Saturday, July 28, 2007

Morality and Torture - Thanks to Mo, @ Neurophilosophy for the link. . .

As I seem to be getting quite a few hits, from Neurophilosophy, I expect that it would behoove me to write a post on torture. I have been rather considering doing so anyways, in the context of the discussion about morality that seems to be floating about the blogosphere for more than a week now. I am going to go beyond the parameters of morality, but I am curious about your thoughts;

Is objection to torture, a universal moral axiom? Is there such a thing as universal moral axioms?

I tend to think that there isn't, but my views on the nature of morality seem to be rather minority. Personally, I have an extreme objection to violence of any sort. The few times in my life that situations have forced me to use it, I have literally gotten sick to my stomach, as a response to inflicting pain on other people. Mind, each of the three times I have used violence, it was inflicting pain on others to stop them from inflicting it on someone else. I just seem to have a pathological response to using violence. I know a lot of people who have a similar response. So it seems to me that while I don't think that morality is ever universal, it is likely that there can be a deep seated cognitive response, that makes it extremely hard for some to commit any acts of violence.

This makes me curious about whether most people have this response as a baseline, requiring fairly serious conditioning to defeat it - such as training soldiers, or if response itself conditioned into us. Or is it possible that people who do not have this response are suffering some cognitive malfunction? I am going to do some reading and ask some questions, to try to find a reasonable answer to some or all of these questions. If you have an idea or suggested reading, please feel free to drop them in comments or send me an email. Any and all help would be appreciated.

By and by, I have a lot of ideas for posts in the works. Many will go up, soem may fall to the wayside. I apologize, but that is the way it goes with ADHD, especially when it's coupled with bipolar disorder (however mild it's expression) and parenting.


Beth said...

I would think if we look at children we find the answer because even at a young age you can see tendencies. Some are prone to violence I am afraid without any compassion for the pain they inflict. Others wouldn't hurt a fly. I don't know if a child with a tendency towards violence or towards passiveness can be trained to be the opposite.

Mark said...

I recently listened to this radio lab episode on Morality:

It mentioned studies done in which people were presented with the moral dilemma of choosing between allowing 5 people to die vs. allowing 1 to die. It seems that, for most people, the choice is not a difficult one when they act indirectly (the example used was pulling a lever to redirect an approaching train). However, when the 5 people could only be spared by *pushing* someone else onto the tracks, most people balked.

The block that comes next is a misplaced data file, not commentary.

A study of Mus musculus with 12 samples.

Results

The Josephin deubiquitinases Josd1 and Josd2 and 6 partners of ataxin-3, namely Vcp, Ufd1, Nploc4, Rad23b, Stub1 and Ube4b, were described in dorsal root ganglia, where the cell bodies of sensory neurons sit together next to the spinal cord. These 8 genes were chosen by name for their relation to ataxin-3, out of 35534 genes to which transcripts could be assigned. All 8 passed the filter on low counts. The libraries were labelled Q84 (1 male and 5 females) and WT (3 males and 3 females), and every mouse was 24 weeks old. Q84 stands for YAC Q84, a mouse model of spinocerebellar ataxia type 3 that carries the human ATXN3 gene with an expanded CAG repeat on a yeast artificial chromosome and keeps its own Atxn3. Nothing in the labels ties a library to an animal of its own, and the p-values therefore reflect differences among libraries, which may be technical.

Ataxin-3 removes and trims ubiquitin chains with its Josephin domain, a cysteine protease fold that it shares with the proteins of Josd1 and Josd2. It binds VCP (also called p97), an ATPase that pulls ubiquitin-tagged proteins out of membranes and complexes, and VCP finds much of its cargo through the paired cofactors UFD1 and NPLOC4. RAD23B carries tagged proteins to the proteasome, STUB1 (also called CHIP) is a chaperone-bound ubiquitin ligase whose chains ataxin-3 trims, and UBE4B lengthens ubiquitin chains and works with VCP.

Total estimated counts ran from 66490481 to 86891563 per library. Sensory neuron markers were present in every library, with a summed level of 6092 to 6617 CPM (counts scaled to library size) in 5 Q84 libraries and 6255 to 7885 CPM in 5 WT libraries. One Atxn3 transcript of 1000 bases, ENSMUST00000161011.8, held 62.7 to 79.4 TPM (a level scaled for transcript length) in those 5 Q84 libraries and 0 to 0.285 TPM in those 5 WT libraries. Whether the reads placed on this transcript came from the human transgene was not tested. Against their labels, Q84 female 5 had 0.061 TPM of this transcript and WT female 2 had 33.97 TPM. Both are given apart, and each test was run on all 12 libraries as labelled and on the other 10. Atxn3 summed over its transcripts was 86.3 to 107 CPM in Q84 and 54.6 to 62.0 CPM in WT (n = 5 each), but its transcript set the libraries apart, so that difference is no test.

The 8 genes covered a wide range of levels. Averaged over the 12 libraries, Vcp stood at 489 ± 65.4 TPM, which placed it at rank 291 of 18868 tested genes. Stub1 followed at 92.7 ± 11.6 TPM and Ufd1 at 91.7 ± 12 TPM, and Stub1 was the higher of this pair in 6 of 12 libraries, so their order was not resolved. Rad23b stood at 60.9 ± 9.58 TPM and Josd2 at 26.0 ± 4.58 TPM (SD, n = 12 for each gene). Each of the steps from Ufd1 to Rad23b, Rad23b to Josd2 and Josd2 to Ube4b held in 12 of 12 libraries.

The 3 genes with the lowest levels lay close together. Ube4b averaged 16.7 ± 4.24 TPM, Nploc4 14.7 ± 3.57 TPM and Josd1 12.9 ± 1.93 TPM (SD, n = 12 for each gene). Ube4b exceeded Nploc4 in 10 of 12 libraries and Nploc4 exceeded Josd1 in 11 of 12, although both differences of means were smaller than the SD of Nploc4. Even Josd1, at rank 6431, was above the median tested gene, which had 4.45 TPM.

The conclusion (supported by other studies) was that some responses are driven by emotion (do not kill!) and others by logic (5 vs. 1), and so yes, we do have certain baseline responses. But exactly how those baselines responses interact with learned ones. Well, that's not so clear...

So the universal moral axioms could be those inherent, evolutionary ones. But they can be overridden by others, hence abhorrence towards killing another person is not a universal axiom even though most people feel that way...

Beth: I suspect inherent tendencies (or temperament) *can* be overruled through training. As an example children there have been studies done on children from Romanian orphanages. Once fearful and unpredictable, many became wonderful little people when given appropriate care.

DuWayne Brayton said...

Hi Mark, thanks for stopping.

I think that (at least for me) this really boils down to semantics. I have no real problem with the notion that evolution/genetics affect many aspects of our personalities. Indeed, having been adopted by my dad when I was two, before he married my mom, I never met my biological father until I was eighteen. Keeping it short, I was amazed by the similarities in our personalities, down to the similarities in our style of writing music. There were many more similarities to be found when I finally met some of my paternal half sibs.

The thing is, that I see morality as something more than mere external pressure. To me, morality is something that is certainly shaped by external forces, but is an inherently internal process. It is far too easy to break past external pressures, even pressures that are inherent to our genetics. Morality is what we deeply believe to be wrong and right. It is when we depend on external forces to formulate that, that it is all to easy to ignore or bypass it.

This is not to say that circumstances can't break through even our internally processed beliefs, but to do so breaks us in a way that breaking moral rules that are shaped externally would not. Sorry, I am not being as clear as I would like. I am realizing more and more that this discussion is very appropriate to the discussion of human rights. I am going to attempt to get some more posts up on the topic. Hopefully I will be able to include some cross-posts, from other bloggers that have pretty decent takes on the notion of evolutionary pressures as moral axioms.

I should note though, that even if one accepts that these pressures are a legitimate definition for morality, they are still not universal. I tend to believe that rather than making the assumption that those who are different are inherently mentally defective, is very presumptuous on our parts. This is definitely an interesting topic that I look forward to exploring.